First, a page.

First published in Mail & Guardian 29 April 2016.
Sports’ Minister Fikile Mbalula’s announcement this week that prominent sporting codes may not bid to host international events is only the latest contretemps in a long line of rows between politicians and sports’ administrators.
Ironically, it was the African National Congress which pushed for South Africa’s re-admittance to world sport in the early 1990’s, long before the administration of most sports was evenly remotely transformed. As a government the ANC has consistently been impatient to see teams that reflect how the country looks — particularly in rugby and cricket.
Now a scorecard has been created, the Transformation Barometer, and the minister has used the result of this first report to announce the prohibition from bidding to host international events. Mbalula has promised to re-visit his decision based on the scorecard for 2016/17.
National selectors and coaches have often argued that their hands are tied because the level below them is not producing enough black players to choose from. Former Protea’s cricket coach Mickey Arthur wrote in his book Taking the Mickey that the six presidents responsible for sacking him in 2010 had a total of ten black Africans registered to play professional cricket.
Cricket South Africa (CSA) has since then introduced quite radical quotas in first-class cricket (six ‘players of colour’, three of whom must be ‘black African’) and even insists that for club teams to qualify for the national championships, they must be compliant (ie, two ‘players of colour’, one ‘black African’).
CSA has also started a programme to work in black areas with regional performance centres and hubs. Universities are also being roped in to help keep talented black cricketers active and involved after school.
It is that level — schools — that is decisive. A word that is often bandied about is ‘academy’, a loose term that encompasses everything from a few extra practices a week to a fully-fledged full-time programme covering everything from nutrition to biokinetics. The reality is that cricket and rugby already have academies, dozens of them, in the form of the excellent schools that organise thousands of fixtures every week.
A mistake often made is to imagine that only a few elite schools are supplying talent that goes on to represent South Africa. While it is true that three Afrikaans (state) boys’ schools have produced 15 Proteas in the modern era, it is also true that at least 70 schools have produced at least one Protea across all formats of the game (Test, limited overs and T20).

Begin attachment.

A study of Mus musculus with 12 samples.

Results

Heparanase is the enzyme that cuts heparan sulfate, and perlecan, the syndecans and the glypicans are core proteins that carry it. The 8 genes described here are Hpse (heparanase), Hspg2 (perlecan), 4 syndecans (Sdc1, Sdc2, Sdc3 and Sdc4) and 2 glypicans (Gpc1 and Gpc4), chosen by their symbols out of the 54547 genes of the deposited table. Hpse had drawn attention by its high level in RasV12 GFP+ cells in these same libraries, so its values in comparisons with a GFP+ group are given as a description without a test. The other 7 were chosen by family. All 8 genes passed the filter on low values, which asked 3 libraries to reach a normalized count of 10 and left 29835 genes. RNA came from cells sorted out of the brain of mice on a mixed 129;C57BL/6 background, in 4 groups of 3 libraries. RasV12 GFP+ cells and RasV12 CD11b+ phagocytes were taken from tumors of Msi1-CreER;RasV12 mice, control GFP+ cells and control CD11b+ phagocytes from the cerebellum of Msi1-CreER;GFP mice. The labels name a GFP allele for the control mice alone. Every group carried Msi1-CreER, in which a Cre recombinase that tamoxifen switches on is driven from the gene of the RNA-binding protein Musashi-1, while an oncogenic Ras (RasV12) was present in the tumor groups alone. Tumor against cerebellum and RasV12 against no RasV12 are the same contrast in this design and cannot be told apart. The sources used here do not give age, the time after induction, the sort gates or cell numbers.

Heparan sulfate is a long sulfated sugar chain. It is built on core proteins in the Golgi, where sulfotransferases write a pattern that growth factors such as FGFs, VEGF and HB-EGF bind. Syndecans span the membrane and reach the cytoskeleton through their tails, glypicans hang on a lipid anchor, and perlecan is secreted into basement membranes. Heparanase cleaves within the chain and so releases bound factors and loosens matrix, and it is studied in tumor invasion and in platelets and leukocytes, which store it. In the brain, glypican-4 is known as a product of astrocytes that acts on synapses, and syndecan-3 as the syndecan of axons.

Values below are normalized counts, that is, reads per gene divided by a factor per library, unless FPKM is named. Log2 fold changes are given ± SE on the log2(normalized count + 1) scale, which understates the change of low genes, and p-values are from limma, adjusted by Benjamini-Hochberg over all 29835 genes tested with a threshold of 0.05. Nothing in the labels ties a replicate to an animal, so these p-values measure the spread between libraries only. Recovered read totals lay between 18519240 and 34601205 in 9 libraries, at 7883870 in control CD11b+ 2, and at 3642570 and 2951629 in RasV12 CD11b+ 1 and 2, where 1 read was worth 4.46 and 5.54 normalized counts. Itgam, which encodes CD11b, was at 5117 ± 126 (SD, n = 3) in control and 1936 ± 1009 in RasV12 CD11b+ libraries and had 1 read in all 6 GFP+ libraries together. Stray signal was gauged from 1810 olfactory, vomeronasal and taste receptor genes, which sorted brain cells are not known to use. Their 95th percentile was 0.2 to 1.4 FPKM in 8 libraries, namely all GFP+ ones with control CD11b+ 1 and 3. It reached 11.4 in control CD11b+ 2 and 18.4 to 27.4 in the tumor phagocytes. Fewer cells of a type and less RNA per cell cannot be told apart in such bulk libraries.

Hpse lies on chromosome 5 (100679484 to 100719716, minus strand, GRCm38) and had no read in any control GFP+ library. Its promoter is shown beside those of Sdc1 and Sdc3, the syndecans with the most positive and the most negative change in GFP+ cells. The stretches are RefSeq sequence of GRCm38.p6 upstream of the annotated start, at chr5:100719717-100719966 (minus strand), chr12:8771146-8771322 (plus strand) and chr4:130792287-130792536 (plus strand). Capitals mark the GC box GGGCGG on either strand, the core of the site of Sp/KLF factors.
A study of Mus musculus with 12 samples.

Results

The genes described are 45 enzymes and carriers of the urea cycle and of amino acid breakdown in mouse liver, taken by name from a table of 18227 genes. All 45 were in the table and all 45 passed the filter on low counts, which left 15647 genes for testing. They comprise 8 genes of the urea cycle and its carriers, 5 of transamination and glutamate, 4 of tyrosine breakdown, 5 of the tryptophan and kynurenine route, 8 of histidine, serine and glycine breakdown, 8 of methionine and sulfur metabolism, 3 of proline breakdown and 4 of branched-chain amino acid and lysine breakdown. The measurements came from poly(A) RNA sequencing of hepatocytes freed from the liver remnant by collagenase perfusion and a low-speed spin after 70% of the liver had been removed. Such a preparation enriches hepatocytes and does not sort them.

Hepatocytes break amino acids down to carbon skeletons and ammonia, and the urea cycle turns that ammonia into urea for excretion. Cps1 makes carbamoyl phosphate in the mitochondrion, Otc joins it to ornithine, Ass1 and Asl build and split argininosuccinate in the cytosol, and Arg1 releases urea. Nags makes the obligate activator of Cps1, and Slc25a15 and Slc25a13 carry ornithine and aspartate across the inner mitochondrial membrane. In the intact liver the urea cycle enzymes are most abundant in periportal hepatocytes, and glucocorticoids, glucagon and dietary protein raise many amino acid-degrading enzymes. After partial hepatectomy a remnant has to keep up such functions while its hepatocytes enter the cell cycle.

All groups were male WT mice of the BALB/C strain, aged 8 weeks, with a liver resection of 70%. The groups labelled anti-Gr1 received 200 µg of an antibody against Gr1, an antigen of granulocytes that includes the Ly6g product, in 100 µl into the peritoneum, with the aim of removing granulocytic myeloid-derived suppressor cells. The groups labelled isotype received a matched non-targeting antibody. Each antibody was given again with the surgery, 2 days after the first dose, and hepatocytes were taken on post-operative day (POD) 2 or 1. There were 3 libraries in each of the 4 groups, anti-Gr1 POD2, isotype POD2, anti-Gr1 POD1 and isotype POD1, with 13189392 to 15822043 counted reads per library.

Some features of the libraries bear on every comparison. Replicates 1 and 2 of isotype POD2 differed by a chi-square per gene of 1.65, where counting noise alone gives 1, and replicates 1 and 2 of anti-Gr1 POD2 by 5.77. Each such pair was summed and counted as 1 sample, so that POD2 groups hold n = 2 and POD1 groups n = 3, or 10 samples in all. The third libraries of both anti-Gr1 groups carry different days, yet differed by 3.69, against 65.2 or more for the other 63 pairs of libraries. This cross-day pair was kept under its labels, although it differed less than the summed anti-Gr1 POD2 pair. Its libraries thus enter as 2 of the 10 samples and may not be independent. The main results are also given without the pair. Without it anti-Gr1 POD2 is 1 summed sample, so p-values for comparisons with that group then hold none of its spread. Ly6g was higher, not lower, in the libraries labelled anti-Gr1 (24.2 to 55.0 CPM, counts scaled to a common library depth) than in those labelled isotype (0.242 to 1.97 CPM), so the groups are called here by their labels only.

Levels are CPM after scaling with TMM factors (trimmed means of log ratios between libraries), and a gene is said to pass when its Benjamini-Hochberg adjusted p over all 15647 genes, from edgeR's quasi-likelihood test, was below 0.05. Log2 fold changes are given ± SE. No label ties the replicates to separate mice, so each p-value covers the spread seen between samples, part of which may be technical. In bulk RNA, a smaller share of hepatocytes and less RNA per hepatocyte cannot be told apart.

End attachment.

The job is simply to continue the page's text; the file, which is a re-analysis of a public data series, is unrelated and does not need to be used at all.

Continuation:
Statistician Andrew Samson has calculated that Protea caps have come from 85 schools, but two of these are foreign and some schools were counted twice because a player moved schools while at high schools. So it would be fair to assume a total of 73 schools for the total of 150 players who have been awarded Protea colours. That is a very broad reach and suggests that planners should pause before rushing to judgement about where to spend money.
Although the elite (boys’ schools and private schools) tend to dominate selection for Test matches, 35 state co-educational schools account for 42 Protea caps overall.
The most recent black African Protea selections attended private schools, but the overall mix since unity shows tremendous diversity. Temba Bavuma (St David’s), Kagiso Rabada (St Stithian’s) and Aaron Phangiso (CBC Pretoria) may represent a new trend, but consider that three Proteas attended state boys’ schools (Victor Mpitsang, Makhaya Ntini and Monde Zondeki; Grey College and Dale College), two went to co-ed state schools (Thami Tsolekile and Lonwabe Tsotsobe; Pinelands and Westring) while another two went to school where they were born — in Motherwell, Port Elizabeth (Mfuneko Ngam, Douglas Mbopa HS) and Welkom (Thandi Tshabalala, Thotagauta SS).
Lancashire’s 2015 opponents Glamorgan had probably not heard of St Thomas Senior Secondary (Ashwell Prince’s school), nor Gelvandale and Otto du Plessis (the high schools attended by Alviro Peterson) but the two Port Elizabeth old boys managed to put on a record partnership of 501 for Lancashire, despite their high schools not being fashionable.
A total of nine schools in traditionally coloured areas have 13 Proteas between. So if the township statistics (3 schools, 3 players) are added to the coloured schools (9 schools, 13 players) and the state co-educational schools (35 schools, 45 players) you have an impressive 47 schools providing 58 Protea caps.
The key point here is that these are not expensive ‘elite’ schools, these are neighbourhood schools with cricket programmes, a fixture list and some enthusiasm for the game. Some of them are more ambitious than others, some of them are struggling, but a small intervention could make a difference: an extra coach or money for covers would go a long way. A bursary (or some support) to get talented young players into one of these schools would be far less expensive than a bursary to an ‘elite’ school.
Of the boys’ schools who provide multiple Proteas only Grey College (Mpitsang) and Dale College (Ntini and Zondeki) have black African Proteas among their alumni.
Getting the best black African cricketing talent into one of these schools might still represent a good investment but there are many other schools where success can be achieved.
The Morkel brothers and Tertius Bosch went to school in Vereeniging, Brett Schultz and Robbie Peterson are Alexander Road High School (PE) old boys, Paul Harris attended Fish Hoek High School and both of the Matthews brothers and Thami Tsolekile went to Pinelands High School. Among the list of schools that have provided Proteas, some are in places quite far from big cities: Dundee, Tzaneen, Heidelberg, Fraserburg, Warmbaths and Cloetesville.
Enthusiasm for cricket can be found all over the country. The next Protea could come from any number of schools. How many of them will be black Africans remains to be seen.